When you walk into a new job for the first time, it’s often not clear what the culture of the organization is or what exactly you will truly be doing in your job. It might also be very unclear what exactly is expected of you, and also what your opportunities are for advancement.
Naturally, it’s great to cultivate relationships with your peers (the people who work regularly with you), but no matter the culture of the organization, it’s worth your time to get to know a few other people as well, as they can help you out greatly without much effort on their part.
Here are ten people you should get to know in your organization as soon as possible to make your job go smoother and also maximize your promotion opportunities later.
The boss This is the most obvious one on the list, and this is also the first person you should know. When you’re new, don’t hesitate to ask questions and use those as leverage for conversations. The questions shouldn’t express a cluelessness in your job, but should instead invite the boss to open up a bit. Ask questions about general organizational culture, and look for opportunities to ask questions directly about your boss’s role in defining that culture and the direction of the organization as a whole. In short, get the boss to open up by making him or her feel good about their role; you can do this by asking questions that allow for reflection on
The boss’s boss If you have a chance to meet people further up the ladder, be sure to make your name known to them. Shake hands firmly and be very direct. If the opportunity permits, state your pleasure in being with the organization and ask questions similar to how you opened the door with your boss. Mostly, the key here is to cultivate a positive presence and hopefully name recognition up the ladder.
The janitor Not only does this person help keep your area clean, this person hears a ton of things about what’s going on at work. Befriending the janitor will not only improve the service that you get in terms of cleanliness, but it also give you an insight into a lot of things that are going on. In my previous organization, the janitor was almost always the first person to know if there were promotions, firings, hirings, and reorganizations coming down the pike.
The administrative assistant Be very nice to the administrative assistant who manages any paperwork you may file. Don’t ever forget to regularly stop by just to ask how he/she is doing. Listen to venting and empathize. Not only will this make things smoother for you when you need secretarial services, a secretary sees a lot of things pass over his/her desk.
The boss’s secretary Similar to how you treat your secretary, you should treat the boss’s secretary well, too, but for different reasons. The boss’s secretary will be able to make sure that things you turn in are reviewed quickly and also properly attributed, which can be vital if you’ve ever had anything stuck in “secretary purgatory.”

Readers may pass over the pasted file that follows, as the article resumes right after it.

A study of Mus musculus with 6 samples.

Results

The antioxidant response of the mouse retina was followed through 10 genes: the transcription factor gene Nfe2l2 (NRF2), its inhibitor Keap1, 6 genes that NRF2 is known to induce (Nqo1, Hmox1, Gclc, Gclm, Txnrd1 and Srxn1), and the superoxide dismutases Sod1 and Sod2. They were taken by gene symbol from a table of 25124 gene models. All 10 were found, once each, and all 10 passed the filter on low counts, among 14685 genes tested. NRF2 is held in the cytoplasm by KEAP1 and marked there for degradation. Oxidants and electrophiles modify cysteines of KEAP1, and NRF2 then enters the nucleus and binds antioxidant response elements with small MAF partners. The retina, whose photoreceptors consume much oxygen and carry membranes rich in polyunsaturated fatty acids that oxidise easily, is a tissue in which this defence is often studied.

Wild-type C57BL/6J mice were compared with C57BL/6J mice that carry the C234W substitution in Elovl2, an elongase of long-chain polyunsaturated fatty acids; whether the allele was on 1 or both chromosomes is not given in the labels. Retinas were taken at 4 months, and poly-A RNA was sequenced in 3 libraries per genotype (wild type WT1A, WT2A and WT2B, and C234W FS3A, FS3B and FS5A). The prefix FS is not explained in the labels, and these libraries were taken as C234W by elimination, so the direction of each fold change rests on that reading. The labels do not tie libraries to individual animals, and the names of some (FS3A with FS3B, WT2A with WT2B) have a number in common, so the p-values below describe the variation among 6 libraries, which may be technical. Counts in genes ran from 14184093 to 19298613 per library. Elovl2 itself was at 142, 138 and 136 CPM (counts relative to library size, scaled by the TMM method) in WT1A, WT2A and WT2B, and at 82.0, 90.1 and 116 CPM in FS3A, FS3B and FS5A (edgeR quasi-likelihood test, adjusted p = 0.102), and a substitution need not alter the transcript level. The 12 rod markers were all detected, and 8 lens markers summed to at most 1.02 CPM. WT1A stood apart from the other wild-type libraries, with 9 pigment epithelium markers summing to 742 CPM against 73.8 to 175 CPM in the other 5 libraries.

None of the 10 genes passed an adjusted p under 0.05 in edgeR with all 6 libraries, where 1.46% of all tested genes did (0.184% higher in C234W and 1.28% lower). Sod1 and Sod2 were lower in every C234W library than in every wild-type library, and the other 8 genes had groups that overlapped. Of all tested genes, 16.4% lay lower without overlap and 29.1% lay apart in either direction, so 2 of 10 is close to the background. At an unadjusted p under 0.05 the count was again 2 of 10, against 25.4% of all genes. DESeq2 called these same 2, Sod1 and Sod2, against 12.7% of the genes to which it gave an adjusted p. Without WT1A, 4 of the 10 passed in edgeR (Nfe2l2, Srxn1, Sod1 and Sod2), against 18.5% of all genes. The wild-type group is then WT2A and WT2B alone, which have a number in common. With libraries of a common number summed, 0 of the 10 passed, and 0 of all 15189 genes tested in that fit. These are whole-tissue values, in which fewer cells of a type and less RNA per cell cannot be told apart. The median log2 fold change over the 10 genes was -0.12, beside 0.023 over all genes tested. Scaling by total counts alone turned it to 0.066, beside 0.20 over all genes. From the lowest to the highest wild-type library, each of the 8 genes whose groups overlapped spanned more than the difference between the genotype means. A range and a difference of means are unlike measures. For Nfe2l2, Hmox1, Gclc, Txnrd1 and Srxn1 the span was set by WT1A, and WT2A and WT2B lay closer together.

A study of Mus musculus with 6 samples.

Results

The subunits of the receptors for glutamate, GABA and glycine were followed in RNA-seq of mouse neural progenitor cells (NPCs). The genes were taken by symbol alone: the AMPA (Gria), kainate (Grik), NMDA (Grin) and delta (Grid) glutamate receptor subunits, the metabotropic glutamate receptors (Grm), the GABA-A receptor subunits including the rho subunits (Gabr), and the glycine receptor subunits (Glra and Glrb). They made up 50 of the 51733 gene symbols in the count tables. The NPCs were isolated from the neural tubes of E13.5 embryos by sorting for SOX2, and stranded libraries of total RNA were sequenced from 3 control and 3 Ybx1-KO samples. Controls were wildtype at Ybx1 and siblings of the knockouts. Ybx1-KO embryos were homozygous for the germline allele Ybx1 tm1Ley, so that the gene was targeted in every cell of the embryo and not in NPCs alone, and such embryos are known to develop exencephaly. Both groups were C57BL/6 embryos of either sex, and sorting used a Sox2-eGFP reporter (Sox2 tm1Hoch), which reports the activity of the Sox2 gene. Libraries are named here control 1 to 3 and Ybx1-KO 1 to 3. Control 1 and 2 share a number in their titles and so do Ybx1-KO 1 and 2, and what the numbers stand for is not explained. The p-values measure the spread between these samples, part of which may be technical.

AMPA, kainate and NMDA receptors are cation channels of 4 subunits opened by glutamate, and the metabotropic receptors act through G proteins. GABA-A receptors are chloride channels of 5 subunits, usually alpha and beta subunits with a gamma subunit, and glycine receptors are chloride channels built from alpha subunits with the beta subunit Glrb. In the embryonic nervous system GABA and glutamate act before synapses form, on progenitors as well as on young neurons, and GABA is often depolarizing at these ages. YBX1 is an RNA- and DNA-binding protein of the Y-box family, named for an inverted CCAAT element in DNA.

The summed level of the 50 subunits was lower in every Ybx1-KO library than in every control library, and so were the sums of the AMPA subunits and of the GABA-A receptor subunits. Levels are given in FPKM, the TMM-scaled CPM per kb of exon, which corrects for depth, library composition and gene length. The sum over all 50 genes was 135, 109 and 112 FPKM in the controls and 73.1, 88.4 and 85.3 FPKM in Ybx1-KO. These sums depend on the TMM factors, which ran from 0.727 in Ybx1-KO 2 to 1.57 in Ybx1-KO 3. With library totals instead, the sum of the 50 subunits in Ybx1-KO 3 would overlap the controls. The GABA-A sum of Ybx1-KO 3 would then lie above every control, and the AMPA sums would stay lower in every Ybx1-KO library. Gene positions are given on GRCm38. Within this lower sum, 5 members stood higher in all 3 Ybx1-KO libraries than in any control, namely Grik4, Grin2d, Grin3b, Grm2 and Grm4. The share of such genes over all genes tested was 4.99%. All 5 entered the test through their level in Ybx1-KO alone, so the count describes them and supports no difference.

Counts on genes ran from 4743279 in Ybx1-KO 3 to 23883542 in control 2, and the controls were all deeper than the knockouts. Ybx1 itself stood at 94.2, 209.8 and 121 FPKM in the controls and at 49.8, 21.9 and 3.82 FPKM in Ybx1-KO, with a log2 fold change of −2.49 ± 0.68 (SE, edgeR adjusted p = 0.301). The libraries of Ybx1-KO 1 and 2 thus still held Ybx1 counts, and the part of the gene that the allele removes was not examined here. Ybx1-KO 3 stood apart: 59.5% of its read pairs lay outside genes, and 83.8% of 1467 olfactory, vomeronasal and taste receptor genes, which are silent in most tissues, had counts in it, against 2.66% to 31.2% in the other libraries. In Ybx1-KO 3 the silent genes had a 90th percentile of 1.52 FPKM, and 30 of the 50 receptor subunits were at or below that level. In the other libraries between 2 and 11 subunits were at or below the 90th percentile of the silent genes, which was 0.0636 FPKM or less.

The boss’s boss’s secretary This is very similar logic to why you should favor the boss’s secretary, but this relationship mostly ensures that you’ll at least have access up the food chain if need be.
The person with the most seniority close to you in job rank This person usually has a huge amount of knowledge of what’s going on in the workplace, both in terms of your actual job function and also the culture of what’s going on around you. This person can be an amazing resource for straight shooting on how to get things done.
The human resources person assigned to you The human resources personnel are usually overlooked until they’re needed, and then they’re basically demanded. When you have a pressing HR need, it’s going to go much smoother (and much more likely in your favor) if you have a good standing relationship with the HR officer.
The IT specialist assigned to you The logic is almost idential to the HR person, except the IT specialist can get you back to work quickly if you have a good relationship with them. A good way of handling this is to occasionally just chat with the IT specialist if you see an opportunity and send a thank you note after everything that they do for you.
The person with the most job knowledge close to you in job rank Basically, this is the smartest person in your peer group. You should naturally make friends with everyone in your peer group, but make a special effort to reach out to anyone who has a strong grasp of the technical aspects of their job.